Irish mothers and wives carry blame too – Catholic priest

A priest from the Ferns Diocese in Wexford claims that mothers and wives matched the failure of the bishops in regard to the cover up of child sexual abuse.

Updated 10.11am

A CATHOLIC PRIEST has come under criticism for his comments that Irish mothers and wives also “failed miserably” to deal with the abuse of their children.

In an opinion piece in The Irish Catholic newspaper, Fr Paddy Banville of the Ferns Diocese in Wexford claimed that mothers and wives matched the failure of the bishops in regard to the cover up of child sexual abuse.

“There is another category of people that will match the failure of the bishops, and probably surpass it; the wives and mothers of Ireland, not exclusively wives and mothers but far too many who failed miserably to deal with the abuse of their children by other family members,” he writes.

He added that there is nothing “particulary unique” in the Catholic bishops’ “bungling attempts to deal with clerical abuse”.

I believe that covering up is a typical response to child abuse right across the board, at least until very recently.”

Fr Banville said he is aware his point is “politically incorrect” but he strongly believes that a significant percentage of the population are implicated in a cover-up.

Chief executive of the Dublin Rape Crisis Centre, Ellen O’Malley-Dunlop criticised the priest for his comments, stating they were not just politically incorrect but also ill-judged and inaccurate.

“It is sad to see such comments being made so soon after the publication of the Cloyne Report and the interactions between the Vatican and the Irish State. We are trying to a heal a terrible abuse in Ireland by the clerics and the timing of this man’s article is extremely ill-judged,” she told TheJournal.ie.

She added that his comments were also inaccurate and more-than-likely based on old research that needs updating.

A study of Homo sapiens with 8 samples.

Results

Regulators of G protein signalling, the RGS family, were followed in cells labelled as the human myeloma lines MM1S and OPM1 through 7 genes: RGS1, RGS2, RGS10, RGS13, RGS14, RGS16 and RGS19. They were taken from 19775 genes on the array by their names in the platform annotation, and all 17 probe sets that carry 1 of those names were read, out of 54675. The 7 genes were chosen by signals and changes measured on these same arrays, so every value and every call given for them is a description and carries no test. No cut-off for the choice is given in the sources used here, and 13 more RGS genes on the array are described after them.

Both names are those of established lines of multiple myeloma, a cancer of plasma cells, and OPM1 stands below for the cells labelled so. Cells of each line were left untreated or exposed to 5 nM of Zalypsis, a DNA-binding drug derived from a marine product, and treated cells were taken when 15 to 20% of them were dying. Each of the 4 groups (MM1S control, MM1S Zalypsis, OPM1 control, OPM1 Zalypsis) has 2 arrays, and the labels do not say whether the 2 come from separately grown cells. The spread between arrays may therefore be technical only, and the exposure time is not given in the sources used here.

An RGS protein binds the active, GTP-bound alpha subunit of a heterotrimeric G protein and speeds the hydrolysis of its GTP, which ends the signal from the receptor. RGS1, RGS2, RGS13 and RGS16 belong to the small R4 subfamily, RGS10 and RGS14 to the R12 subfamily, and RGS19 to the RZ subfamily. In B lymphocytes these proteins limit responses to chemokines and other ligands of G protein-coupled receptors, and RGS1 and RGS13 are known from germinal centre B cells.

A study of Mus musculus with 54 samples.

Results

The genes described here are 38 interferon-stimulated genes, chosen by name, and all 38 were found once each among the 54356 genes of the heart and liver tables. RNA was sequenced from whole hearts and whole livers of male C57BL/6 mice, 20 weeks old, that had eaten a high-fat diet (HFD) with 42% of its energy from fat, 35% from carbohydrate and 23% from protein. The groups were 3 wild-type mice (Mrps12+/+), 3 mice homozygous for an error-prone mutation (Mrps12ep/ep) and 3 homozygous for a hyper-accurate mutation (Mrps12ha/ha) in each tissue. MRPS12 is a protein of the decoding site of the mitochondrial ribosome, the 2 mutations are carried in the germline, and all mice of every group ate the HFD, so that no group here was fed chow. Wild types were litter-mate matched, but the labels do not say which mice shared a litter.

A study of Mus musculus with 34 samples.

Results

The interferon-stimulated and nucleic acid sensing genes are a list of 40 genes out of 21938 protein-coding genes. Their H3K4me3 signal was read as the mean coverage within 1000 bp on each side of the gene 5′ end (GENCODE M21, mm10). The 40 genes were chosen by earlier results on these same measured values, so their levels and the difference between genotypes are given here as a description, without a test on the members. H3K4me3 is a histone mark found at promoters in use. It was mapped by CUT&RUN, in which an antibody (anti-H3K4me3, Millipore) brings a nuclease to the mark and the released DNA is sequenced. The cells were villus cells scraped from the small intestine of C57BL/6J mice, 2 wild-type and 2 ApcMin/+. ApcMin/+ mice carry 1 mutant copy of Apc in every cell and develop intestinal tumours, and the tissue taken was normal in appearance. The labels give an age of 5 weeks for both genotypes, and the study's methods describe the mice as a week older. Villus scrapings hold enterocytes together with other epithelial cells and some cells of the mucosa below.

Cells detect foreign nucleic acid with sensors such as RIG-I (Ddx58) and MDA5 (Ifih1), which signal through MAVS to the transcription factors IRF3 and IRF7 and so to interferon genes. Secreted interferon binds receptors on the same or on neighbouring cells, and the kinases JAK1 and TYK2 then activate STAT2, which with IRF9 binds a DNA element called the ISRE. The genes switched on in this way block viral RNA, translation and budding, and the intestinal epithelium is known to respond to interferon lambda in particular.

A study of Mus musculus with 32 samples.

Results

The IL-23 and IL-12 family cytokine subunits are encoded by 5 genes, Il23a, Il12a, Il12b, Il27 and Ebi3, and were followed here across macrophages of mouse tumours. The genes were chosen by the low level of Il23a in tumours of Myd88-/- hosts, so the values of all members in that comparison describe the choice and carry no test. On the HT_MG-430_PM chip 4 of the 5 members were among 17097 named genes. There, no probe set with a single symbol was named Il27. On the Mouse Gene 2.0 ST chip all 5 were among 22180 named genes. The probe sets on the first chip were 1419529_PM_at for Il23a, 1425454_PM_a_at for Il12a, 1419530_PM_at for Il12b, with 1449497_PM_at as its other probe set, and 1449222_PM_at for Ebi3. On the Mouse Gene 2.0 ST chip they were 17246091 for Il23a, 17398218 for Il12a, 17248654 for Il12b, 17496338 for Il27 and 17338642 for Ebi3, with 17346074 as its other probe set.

“About 10 years ago, the Sexual Abuse and Violence in Ireland (SAVI) survey found that only 3 per cent of abuse in Ireland was clerical. However, since then we have had numerous reports, such as the Ryan and Murphy reports, which have allowed victims to speak out,” she explained.

“We need comprehensive new research now that people are not as afraid to say they were abused by priests. Previously, people did not think they would be believed.

There would be a much higher percent of clerical abuse revealed if an updated SAVI report was undertaken, believes O’Malley-Dunlop.

She also told TheJournal.ie that the Rape Crisis Centre had come across numerous cases where mothers of abuse victims had called the support line to speak about their trauma. Many had also confronted bishops and priests but were told that there was no truth to their child’s allegations.

In his article, Fr Banville concluded that it was time for the Taoiseach to “go all the way and all the way is much further than the Vatican”.

We don’t know it yet, or perhaps we don’t want to know it, but in terms of child abuse the Catholic Church is holding up a mirror to Irish society.

The Rape Crisis Centre’s 24-hour helpline for victims of rape and sexual abuse can be contacted on 1 800 77 88 88.